Republican lawmakers, frustrated by the Justice Department's slow-moving probe into the IRS targeting scandal and "conflict of interest" concerns, are now calling for the investigators to be investigated. 

Reps. Darrell Issa, R-Calif., and Jim Jordan, R-Ohio, on Wednesday formally requested that the Justice Department's inspector general launch his own probe into the department's review of IRS activities. 

The request marks a serious escalation of their complaints about the department's conduct and, specifically, a decision to have a President Obama backer lead the investigation. 

"The Department has created the appearance that it is not taking seriously its responsibility to conduct a thorough investigation of IRS misconduct," Issa and Jordan wrote in a letter to Inspector General Michael Horowitz. 

Such complaints have come to a head this week, as conservative groups and lawmakers worry that the investigation is fizzling -- eight months after the agency first acknowledged it singled out conservative groups for extra scrutiny when they applied for tax-exempt status. 

In their letter, Issa and Jordan cited a litany of concerns, including recent claims from administration officials that criminal charges in the case are unlikely. But they centered on the decision to appoint Barbara Kay Bosserman to lead the FBI probe. Campaign finance records show Bosserman has given more than $6,000 to Obama's two presidential campaigns. 

"Publicly available information suggests that Ms. Bosserman may have a conflict of interest in this matter," they wrote, also citing a Fox News report that she attended a bill-signing ceremony at the White House in 2009.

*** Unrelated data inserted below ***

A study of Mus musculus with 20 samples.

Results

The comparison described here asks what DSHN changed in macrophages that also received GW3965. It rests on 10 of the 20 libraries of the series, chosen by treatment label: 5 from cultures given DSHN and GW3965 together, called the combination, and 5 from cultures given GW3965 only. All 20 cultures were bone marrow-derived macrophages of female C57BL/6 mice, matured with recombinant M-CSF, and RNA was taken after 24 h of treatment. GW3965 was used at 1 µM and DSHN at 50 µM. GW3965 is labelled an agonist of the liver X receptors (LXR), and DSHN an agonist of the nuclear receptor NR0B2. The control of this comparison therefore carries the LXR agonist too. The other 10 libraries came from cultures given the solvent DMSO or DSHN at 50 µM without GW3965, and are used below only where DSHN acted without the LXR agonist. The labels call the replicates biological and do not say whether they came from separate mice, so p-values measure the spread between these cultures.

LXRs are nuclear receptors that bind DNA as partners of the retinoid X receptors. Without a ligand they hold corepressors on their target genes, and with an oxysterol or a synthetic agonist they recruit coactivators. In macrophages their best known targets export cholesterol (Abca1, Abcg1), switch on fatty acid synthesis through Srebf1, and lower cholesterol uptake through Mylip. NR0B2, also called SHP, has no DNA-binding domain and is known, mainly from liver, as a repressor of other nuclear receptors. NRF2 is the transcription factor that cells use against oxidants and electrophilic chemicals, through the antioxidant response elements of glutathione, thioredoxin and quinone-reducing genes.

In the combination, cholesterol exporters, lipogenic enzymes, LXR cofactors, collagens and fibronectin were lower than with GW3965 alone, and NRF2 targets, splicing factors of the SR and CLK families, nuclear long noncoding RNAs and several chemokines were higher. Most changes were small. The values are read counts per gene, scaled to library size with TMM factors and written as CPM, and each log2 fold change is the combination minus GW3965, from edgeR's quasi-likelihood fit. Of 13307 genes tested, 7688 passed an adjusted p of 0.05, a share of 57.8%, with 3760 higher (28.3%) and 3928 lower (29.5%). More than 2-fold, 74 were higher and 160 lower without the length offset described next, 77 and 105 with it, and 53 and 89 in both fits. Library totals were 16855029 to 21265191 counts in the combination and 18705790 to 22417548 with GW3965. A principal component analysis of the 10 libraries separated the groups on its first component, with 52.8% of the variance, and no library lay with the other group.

Separately, the lawmakers wrote to Labor Secretary Thomas Perez asking him about any possible involvement, given his prior position as Bosserman's boss in the Civil Rights Division of the Justice Department. 

The Justice Department, though, has pushed back hard on those questioning Bosserman's fitness for the role. 

One official said last week that simply because a trial attorney exercised her constitutional right to make a political donation does not mean she's not acting professionally. Officials stressed that they cannot consider political affiliation when handing out case assignments. 

"It is contrary to Department policy and a prohibited personnel practice under federal law to consider the political affiliation of career employees or other non-merit factors in making personnel decisions," the department said in a statement. 

On Monday, a DOJ official also said that the ceremony Bosserman attended in 2009 -- for the signing of hate crimes legislation -- was attended by the Civil Rights Division team, which was described as "typical" given their "technical support" on the bill.